The 2020 USDA Dietary Guideline Report recommends, “introducing peanut and egg in an age-appropriate form, in the first year of life (after age 4 months) may reduce the risk of food allergy to these foods.” In addition to the USDA, the American Academy of Pediatrics (AAP), and the National Institutes of Health (NIH), recommend starting early allergen introduction as early as 4 months, as do similar guidelines in England, Canada, and Australia. Read more about the new medical guidelines here.
The earlier you can start food allergy prevention, the better. Families who participated in the LEAP, EAT, and PETIT clinical studies saw success with allergy prevention when starting as early as 4 months of age and were able to reduce the development of food allergies by up to 80%. Most food allergies develop between 4 to 6 months of age, making this a critical window to train your baby's immune system. While early allergen introduction can be effective up until 12 months old, it's important to start as early as possible because once a food allergy develops, there is no cure.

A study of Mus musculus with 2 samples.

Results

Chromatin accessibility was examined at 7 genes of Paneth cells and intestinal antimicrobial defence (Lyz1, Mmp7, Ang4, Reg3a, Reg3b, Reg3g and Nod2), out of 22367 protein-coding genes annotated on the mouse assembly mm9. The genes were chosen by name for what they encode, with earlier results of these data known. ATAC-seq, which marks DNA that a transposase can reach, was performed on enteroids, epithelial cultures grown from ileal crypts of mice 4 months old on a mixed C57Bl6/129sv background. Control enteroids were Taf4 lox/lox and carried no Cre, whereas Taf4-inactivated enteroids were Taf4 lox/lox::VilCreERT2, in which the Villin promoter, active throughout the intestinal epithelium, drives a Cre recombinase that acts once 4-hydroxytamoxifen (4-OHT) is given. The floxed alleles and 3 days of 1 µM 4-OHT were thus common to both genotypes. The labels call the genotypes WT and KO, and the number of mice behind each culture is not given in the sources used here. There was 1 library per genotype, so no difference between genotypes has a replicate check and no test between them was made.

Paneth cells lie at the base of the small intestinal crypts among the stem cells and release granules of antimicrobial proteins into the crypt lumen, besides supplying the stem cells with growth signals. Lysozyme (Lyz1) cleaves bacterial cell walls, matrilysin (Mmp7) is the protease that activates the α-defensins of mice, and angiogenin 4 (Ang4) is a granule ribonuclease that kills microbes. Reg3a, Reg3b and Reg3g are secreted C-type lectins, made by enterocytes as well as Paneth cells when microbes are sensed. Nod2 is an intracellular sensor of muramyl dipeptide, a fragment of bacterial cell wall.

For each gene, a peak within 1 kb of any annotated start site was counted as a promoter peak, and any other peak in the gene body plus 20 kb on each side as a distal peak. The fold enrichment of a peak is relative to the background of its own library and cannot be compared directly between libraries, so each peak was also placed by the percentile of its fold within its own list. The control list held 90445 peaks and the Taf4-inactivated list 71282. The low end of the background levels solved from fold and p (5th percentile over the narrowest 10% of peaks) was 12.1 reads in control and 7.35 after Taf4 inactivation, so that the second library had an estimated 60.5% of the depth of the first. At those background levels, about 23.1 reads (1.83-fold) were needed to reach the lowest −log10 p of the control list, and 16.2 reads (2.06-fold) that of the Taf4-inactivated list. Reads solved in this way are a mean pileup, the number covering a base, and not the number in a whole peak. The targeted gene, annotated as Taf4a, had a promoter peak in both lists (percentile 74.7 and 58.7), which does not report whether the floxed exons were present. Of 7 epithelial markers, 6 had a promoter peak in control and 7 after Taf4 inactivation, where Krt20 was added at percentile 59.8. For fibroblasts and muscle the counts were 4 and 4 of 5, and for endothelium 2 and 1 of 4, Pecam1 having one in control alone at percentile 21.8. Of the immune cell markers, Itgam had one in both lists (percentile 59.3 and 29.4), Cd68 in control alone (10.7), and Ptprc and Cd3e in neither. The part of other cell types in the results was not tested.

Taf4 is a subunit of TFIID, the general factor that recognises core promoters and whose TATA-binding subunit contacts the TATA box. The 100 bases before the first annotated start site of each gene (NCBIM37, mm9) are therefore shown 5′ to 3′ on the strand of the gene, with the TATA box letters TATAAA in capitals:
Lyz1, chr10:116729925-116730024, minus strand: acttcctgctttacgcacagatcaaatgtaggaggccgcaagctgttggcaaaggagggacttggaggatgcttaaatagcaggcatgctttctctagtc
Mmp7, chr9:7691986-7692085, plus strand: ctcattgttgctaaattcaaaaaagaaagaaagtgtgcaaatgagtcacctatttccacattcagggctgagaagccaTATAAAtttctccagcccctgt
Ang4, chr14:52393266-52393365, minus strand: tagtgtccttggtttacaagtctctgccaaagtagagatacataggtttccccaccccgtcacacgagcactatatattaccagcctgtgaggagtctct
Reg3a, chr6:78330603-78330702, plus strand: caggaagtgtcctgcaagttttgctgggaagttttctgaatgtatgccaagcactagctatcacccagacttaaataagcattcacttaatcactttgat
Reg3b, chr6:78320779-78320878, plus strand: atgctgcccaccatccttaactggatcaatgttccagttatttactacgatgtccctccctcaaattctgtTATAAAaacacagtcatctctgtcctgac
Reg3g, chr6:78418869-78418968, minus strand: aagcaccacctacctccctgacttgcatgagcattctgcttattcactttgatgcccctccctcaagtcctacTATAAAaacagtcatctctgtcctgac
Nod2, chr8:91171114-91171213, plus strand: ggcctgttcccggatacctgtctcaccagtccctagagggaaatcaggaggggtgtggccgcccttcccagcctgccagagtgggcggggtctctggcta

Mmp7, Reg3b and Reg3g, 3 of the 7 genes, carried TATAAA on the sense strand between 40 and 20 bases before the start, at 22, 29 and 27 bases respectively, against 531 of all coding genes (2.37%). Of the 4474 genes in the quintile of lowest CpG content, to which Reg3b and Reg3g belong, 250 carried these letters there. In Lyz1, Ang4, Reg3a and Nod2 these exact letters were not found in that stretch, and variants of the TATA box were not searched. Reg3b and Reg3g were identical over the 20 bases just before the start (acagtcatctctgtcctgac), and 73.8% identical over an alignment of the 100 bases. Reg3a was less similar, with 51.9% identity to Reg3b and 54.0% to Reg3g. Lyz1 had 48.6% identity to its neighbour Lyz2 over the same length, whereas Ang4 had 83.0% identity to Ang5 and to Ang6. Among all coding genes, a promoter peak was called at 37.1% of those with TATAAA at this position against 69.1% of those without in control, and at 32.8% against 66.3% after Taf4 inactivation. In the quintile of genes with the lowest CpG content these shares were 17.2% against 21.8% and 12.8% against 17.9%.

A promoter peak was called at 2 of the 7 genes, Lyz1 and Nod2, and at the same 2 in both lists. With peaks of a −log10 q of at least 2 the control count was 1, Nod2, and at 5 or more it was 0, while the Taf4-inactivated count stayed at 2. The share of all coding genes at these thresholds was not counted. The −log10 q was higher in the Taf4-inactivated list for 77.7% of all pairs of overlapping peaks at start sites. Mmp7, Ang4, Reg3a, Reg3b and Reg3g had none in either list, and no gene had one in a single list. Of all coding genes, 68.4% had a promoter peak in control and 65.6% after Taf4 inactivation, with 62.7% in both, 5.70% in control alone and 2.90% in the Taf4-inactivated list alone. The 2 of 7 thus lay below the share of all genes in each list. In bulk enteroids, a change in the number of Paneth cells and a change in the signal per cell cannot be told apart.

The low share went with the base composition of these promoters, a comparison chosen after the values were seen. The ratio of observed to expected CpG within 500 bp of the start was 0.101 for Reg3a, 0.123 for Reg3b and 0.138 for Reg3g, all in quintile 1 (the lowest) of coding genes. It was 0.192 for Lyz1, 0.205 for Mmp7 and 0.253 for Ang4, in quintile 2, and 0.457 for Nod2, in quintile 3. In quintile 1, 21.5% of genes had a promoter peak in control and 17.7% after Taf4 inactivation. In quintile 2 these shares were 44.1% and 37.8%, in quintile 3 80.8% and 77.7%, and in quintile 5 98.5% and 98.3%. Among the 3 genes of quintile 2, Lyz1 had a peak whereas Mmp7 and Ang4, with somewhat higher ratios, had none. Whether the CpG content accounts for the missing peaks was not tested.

Some parents are fearful of a severe allergic reaction occurring during early allergen introduction, however, in the 3 clinical trials where over 2,000 infant participants, no severe reactions or hospitalizations were reported. Anaphylaxis, or a severe allergic reaction, is much less common in babies, which is why the earlier you begin allergen introduction, the safer your child will be. "Babies have the fewest severe allergic reactions of any age group, with the severity of allergic reactions increasing as the child gets older," - Dr. Spergel, Chief of Allergy Section at Children's Hospital of Philadelphia (CHOP).
The key takeaway is that the longer you wait to start feeding allergens to your baby, the more likely they are to have a more severe reaction.